Campaign to sell tax gears up

More than $6 million to be spent on educating voters about projects.

A multimillion-dollar campaign to woo voters into passing the biggest single infusion of infrastructure dollars in metro Atlanta in at least 40 years is under way. Expect a quiet launch against noisy opposition.

Local governments last week approved a list of more than $6 billion worth of transportation projects across 10 counties. The list of projects, a mix of road projects and public transportation fixes, is aimed at reducing congestion and making commuting easier for more than 800,000 metro Atlantans.

But voters know little to nothing about the high-stakes transportation sales tax that would pay for the projects, according to a poll commissioned by The Atlanta Journal-Constitution and Channel 2 Action News. Nearly half said they are either undecided or against the proposal to add a 1-cent sales tax.

For those reasons, a team of strategists, fundraisers and communication experts aren’t starting the pro-transportation tax campaign with a splash.

Instead, they will spend the next few months building upon “education” efforts: Talking to whoever will listen about the project list, explaining what it is and what it aims to do for commuters in specific locations. They will then shift into outright advocacy — campaigning door-to-door and launching television and radio ads — starting next year.

The approach aims to build momentum going into the July 31 primary, when voters in metro Atlanta’s 10 core counties will be asked to approve the 10-year, 1-cent sales tax.

“Sometimes the community knows it needs to take a step of its own future,” said Kevin Ross, a strategist for the privately funded public awareness campaign that expects to spend more than $6 million selling the referendum.

The campaign team, however, must still prove it can overcome an early — and glaring — stumble that saw one of its key strategists quit. And it faces vocal opponents who have been hammering away at the referendum for months, lacing their arguable head-start with a popular theme: no new taxes.

The Atlanta Tea Party has already pledged to focus on defeating the referendum, with the Georgia Tea Party assisting in other regions across the state deciding their own transportation referendums. A metro tea party task force launched efforts over the weekend, including a new website to get its message out.

“We want this thing to be extremely balanced,” said Bob Frey, who is helping coordinate the task force. “We’re not against transportation. We’re not against taxes. We’re against being taxed for the wrong reasons.”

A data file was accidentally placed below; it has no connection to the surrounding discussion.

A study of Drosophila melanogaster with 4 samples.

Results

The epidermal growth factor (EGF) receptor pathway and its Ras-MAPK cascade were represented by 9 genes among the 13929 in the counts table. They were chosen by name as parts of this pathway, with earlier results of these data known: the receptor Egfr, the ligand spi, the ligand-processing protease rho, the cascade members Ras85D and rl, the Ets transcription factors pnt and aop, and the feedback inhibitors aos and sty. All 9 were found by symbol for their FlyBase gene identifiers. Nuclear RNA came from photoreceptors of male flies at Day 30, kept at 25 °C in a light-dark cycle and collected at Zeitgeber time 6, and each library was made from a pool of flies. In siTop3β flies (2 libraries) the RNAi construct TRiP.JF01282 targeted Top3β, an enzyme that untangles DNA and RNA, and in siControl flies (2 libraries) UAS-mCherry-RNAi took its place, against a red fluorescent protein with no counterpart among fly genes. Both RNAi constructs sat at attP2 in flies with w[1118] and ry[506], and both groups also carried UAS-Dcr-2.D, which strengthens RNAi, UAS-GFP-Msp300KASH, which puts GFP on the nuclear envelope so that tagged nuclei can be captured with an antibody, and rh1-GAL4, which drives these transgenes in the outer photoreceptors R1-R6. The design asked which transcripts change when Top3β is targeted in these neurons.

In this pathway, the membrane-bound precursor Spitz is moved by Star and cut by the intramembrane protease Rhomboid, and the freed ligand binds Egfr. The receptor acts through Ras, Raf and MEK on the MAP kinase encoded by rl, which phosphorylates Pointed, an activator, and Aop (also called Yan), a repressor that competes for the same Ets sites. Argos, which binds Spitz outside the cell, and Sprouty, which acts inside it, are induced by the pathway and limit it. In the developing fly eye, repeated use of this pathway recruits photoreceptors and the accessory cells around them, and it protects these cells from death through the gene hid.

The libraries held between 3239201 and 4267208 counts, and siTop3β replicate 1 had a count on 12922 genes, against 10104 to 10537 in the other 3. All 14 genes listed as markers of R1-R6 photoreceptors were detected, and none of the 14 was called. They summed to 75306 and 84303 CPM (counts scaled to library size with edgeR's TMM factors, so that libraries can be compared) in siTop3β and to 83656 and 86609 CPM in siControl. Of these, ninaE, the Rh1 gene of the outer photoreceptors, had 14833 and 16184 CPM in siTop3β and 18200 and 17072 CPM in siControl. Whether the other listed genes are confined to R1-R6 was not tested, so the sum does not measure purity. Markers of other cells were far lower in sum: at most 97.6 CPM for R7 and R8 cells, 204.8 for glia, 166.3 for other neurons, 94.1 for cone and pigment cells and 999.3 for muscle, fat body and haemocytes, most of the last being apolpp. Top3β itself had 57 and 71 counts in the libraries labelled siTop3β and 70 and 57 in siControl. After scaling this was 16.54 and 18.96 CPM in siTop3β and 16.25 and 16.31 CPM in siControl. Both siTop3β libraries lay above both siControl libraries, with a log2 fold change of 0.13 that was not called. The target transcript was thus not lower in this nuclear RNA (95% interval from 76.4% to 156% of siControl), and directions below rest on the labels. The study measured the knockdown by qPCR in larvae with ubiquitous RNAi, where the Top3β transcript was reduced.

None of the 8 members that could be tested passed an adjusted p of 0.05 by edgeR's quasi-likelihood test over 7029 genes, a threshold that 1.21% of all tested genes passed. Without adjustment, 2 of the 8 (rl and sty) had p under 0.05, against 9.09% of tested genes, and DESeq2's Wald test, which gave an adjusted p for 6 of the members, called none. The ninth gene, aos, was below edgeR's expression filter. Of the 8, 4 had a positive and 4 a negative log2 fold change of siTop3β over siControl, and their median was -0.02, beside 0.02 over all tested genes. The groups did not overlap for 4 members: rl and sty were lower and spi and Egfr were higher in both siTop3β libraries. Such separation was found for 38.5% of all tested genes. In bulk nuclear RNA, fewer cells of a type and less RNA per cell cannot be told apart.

Tea party leaders do not think the project list will benefit the majority of residents in areas where they need the most relief, saying it is otherwise too expensive and unwieldy.

They scored a notable victory in August, when the tea party joined several groups in defeating an effort by Gov. Nathan Deal to hold next year’s transportation referendums in November instead of July — a move that would have given proponents, including Deal, more time and a larger pool of voters to work with.

Still, metro business leaders are so concerned about congestion blocking economic growth that they are helping to pay for the campaign to pass the tax. Nearly 80 businesses and community organizations have begun to meet regularly to provide input and support to the effort — campaigners call them their “First Friday” support group, because that’s the day the group usually meets.

They hired Ross, an Atlanta-based Democratic strategist and lawyer, last month after the departure of Virginia-based Glenn Totten. Totten is a nationally recognized political strategist who helped get Georgia a lottery two decades ago. He said when he left in August that he did not have enough time to devote to the campaign, although the move was deemed “mutually agreeable” by others on the team.

Ross’ hiring now gives the campaign decidedly local leadership, including Paul Bennecke, a consultant who has had leadership roles in the Republican Governors Association, the Georgia Republican Party and the 2002 campaign for former Gov. Sonny Perdue. National pollster David B. Hill is providing polling and research to the campaign.

It also provides to the campaign someone who has at least some experience with local sales tax campaigns. In 1994, Ross helped get voters to support a $150 million bond issue for pre-Olympic repairs to Atlanta’s streets, parks, bridges and sewers. Three years later, he helped sell a 1 percent sales tax to pay for $470 million in construction and renovation costs for Atlanta city schools.

In an interview last week, Ross said he sees similarities with the school construction campaign, which passed by a wide margin because the public recognized the problem of how best to build and maintain its schools.

In the AJC-Channel 2 Action News poll, 91 percent of metro voters said it was important to address the region’s transportation problems to improve its quality of life and economic future. The transportation campaign will likely hone in on that sentiment, stressing local projects aimed at easing the region’s gridlock.

“We need,” Ross said, “to make an investment to make it better.”